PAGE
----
Last year’s forum, held in the beautiful Portuguese city of Coimbra was alight with new faces, new optimism and the emergence of the new old.
The AAL Forum is not just a platform for business-driven networking, it is a place for you to ask questions and share your ideas and opinions openly amongst AAL friends. Nurturing these thoughts can play a key role in achieving greater market success for AAL solutions, and the 2017 forum revitalised and strengthened the importance of communication in the AAL ecosystem.
A small team of AAL correspondents meandered and mingled, spoke to stakeholders, delegates, exhibitors and investors throughout the 2017 forum to hear stories, share thoughts and catch-up with the AAL community because after all – your opinion’s matter. Here is just a snippet of what you shared with us last year:
For 2017, talks took a different direction focusing on the social aspects of AAL rather than the technological. For Stefan Loacker from Helvetia Insurance, education is a vital, underutilised service that is needed, “to address the professionals and young people in society and campaign against ageism to develop a new picture about older people,” he said.
Iñaki Batolomé from ZocAALo, on the other hand, was keen to see, “organisations brought into the heart of innovative products” as a means to deal with the fragmentation and lack of trust currently hindering the passage of AAL solutions to market.
As always, it was great see new faces at the 2017 forum, especially getting stuck in and sharing fresh, first-timers’ views on AAL, such as Matthew Bellis from the University of Wales Trinity St David. Bellis was impressed with the visit of the group of older visitors at the forum but said, “there could be more users present so we can understand what they want”. He also added that, “the networking opportunities are brilliant, meeting lots of people who could be beneficial to the project.”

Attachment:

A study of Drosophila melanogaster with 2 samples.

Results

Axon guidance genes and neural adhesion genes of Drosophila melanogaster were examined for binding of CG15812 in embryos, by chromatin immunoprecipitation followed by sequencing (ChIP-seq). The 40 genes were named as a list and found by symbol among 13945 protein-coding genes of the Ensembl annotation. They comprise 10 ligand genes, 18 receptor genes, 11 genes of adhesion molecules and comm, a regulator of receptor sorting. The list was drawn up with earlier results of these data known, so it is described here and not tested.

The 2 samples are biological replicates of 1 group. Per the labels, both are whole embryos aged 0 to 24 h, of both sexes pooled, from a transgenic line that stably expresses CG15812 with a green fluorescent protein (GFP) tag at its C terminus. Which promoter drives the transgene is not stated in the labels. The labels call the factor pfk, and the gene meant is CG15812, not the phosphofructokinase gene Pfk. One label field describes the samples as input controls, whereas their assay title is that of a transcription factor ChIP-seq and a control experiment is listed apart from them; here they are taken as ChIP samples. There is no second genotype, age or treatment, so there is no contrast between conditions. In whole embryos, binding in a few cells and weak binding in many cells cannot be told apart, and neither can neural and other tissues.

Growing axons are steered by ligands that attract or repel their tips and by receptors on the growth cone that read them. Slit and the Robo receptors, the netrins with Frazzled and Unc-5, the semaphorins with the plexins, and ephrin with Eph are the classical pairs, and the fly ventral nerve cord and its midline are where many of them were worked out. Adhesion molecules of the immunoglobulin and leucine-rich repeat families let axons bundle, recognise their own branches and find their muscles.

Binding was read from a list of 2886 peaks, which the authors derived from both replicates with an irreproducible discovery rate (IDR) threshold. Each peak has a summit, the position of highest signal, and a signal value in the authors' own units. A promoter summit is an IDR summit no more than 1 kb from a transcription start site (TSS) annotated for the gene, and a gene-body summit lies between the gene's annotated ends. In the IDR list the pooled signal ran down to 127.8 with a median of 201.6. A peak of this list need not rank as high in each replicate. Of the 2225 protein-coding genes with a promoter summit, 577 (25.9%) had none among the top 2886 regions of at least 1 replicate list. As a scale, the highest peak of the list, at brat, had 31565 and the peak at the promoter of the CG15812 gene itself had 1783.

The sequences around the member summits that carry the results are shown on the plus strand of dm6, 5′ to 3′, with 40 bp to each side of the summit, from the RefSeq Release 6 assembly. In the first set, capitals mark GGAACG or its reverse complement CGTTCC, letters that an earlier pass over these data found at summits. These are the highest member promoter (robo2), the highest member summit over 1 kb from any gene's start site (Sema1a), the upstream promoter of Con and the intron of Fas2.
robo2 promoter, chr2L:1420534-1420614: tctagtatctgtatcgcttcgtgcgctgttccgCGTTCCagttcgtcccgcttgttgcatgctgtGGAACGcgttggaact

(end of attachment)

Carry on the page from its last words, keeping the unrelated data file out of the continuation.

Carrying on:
Users will be visiting the AAL Forum 2018, making it the perfect platform to test out ideas and demonstrate products and services.
So, from first-timers like Bellis and Vincent Richard, a software engineer from the University of Geneva who questioned that, “my boss told me AAL is ending in 2020 – but why should it? The problems will still exist and the people will still be there”, we also spoke to experienced AALers like Maggie Ellis, EKTG Coordinator and Managing Director at West Square Associates. She feels that, “we are here because we are all trying to collaborate and make AAL work better”. This certainly applies to the forum this year as it remains open to anyone looking to make a change in the field of active and healthy ageing.
2018 will be even better
This year in Bilbao, Spain we want to hear more of your discussions, opinions and perspectives as they really help foster interesting and valuable dialogues in the AAL ecosystem. Without your involvement, the AAL community would not be able to advance year after year and innovative solutions for independent, healthier lives for older people would be not progressing.
The forum gives you the opportunity to network, and in the words of Ad van Berlo from Smart Homes, “everyone leaves having learned something invaluable that they can take away with them and apply to their own work”.
Be a part of the new conversations, understand the challenges facing older people in the digital age, learn how technology can meet these challenges and immerse yourself in the new state-of-the-art solutions that will be on show
Register for the AAL Forum 2018 NOW, and help make an active change in how we live our lives as we get older.